In September there was a big riot in Copenhagen. People went crazy over the closing of an old punk venue. It was the kind of thing the mainstream media would be ecstatic to get the inside scoop on. But since they had been slagging off the punks, everyone with a camera was a pariah. Of course, we didn’t know that and couldn’t understand why no one would go and film it for us. So in the end we sent our distribution guy Ivar down there to get a piece of the action. This is his story...
One of my friends, Robin, is a crazy anarchist who lives in a basement, subsists on a strict booze diet, and fixes cars for a living. He is the truest punk I know. Some weeks ago he called to tell me that the Danish punk stronghold Ungdomshuset (The Youth House) was about to get shut down by the government.
The building was handed to the founders of Ungdomshuset by the City Council in the early eighties, but since the mid-nineties the council have been trying to take it back. In 2001 it was sold to a religious sect called Faderhuset (The Father House). Faderhuset think it’s their God-given mission to evict the punks. They think punks are the spawn of Satan.
Unlike CBGBs, Ungdomshuset is still a big deal to punks all over northern Europe. Even kids as young as 11 or 12 stay there. Robin told me that this would be my last chance to see it, before everyone got evicted. He also said there was going to be a wild party that would most likely end up in riots. I’m not a man to turn down a good party so I grabbed my crappy Disneyworld/Majorca/family vacation type camcorder and got in the car.
When we arrived the police had already shut down the entire block around Ungdomshuset, but Robin knew a shortcut so we got in through the backyard. Inside there were a mix of hipsters, punks, hip hop kids, reggae dudes, anarchists, rockers, indie kids and punks all peacefully partying. No sign of a riot yet. I couldn’t figure out what all the fuss was about - until the Sunday rally.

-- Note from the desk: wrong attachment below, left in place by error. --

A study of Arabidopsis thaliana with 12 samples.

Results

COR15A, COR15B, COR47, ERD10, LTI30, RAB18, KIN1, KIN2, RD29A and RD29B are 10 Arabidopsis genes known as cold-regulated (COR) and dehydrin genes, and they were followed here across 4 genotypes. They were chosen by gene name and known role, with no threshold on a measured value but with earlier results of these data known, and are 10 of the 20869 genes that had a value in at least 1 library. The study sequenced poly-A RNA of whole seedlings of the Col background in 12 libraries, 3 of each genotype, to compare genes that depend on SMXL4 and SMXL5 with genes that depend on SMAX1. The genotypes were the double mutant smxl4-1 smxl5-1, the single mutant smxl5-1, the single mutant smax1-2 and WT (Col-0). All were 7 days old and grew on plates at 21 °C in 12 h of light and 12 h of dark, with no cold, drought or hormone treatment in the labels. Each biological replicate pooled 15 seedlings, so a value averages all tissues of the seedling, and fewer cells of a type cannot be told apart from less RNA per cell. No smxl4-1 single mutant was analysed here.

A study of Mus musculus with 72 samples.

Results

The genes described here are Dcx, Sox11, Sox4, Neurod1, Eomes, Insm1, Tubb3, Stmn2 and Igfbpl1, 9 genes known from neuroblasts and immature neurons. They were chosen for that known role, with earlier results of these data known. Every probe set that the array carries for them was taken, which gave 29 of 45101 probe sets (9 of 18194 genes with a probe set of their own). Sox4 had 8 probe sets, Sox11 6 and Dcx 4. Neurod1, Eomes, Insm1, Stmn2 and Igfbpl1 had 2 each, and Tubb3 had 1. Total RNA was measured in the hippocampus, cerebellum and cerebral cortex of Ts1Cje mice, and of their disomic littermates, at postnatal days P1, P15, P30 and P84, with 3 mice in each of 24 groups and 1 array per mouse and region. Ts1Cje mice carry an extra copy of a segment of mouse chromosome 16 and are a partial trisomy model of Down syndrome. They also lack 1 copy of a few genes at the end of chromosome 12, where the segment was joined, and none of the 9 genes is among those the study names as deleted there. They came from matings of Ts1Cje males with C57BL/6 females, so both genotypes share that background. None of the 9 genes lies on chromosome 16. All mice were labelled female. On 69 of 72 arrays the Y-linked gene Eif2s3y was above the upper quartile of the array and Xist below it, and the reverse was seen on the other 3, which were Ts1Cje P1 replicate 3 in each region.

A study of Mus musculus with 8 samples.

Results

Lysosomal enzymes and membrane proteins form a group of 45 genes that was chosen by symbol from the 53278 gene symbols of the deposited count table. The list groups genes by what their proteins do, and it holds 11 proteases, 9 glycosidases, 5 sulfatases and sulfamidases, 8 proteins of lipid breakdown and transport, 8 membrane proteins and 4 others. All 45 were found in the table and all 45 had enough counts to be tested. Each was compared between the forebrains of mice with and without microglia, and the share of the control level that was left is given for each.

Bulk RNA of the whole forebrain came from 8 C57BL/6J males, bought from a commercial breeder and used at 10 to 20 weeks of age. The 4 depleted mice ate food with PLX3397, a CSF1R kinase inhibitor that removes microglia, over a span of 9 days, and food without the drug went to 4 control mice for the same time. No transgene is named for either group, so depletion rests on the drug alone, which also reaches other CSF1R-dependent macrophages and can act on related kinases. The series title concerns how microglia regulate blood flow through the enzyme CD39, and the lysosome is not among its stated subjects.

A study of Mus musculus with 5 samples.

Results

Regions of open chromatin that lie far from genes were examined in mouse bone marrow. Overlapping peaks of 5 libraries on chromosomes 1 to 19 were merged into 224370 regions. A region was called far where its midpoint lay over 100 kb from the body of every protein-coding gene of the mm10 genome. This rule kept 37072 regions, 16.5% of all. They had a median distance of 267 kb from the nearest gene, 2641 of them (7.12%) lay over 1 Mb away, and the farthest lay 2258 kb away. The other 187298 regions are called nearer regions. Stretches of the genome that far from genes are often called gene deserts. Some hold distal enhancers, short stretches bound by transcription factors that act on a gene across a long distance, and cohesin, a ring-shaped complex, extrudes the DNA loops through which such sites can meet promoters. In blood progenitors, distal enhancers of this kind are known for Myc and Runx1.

As soon as we joined the march I saw a bottle whizzing overhead. Then bottles and stones started raining down on the police who were about 75 metres in front of me. Almost immediately, the police started running towards us. I started poking around for the camcorder as I ran into the mayhem, trying to get it all on tape. I got to the frontline and saw about 260 youngsters getting arrested. The Danish police are renowned for their riot control capabilities. They had already trapped almost everyone between two houses and after that they just grabbed people one by one.
I hurried back to the Ungdomshuset to find out what was going on, but no one seemed to have a clue. Also, everyone had a friend who had just been arrested so they weren’t too keen on interviews. So I got a six-pack, plopped myself down by a bonfire and watched people preparing for war.
They were convinced the police were going to storm the building that night. There was a meeting where they discussed riot tactics. A medieval-looking log was propped up against the inside of the front door. Trash cans and pallets were set on fire and positioned to block the entry of the police. There was tension. No one spoke. Everyone was just waiting for the war to start.
In the end, the police never showed up but it was still a fun weekend (even though I managed to get my teeth knocked out by a punk who didn’t approve of me filming him).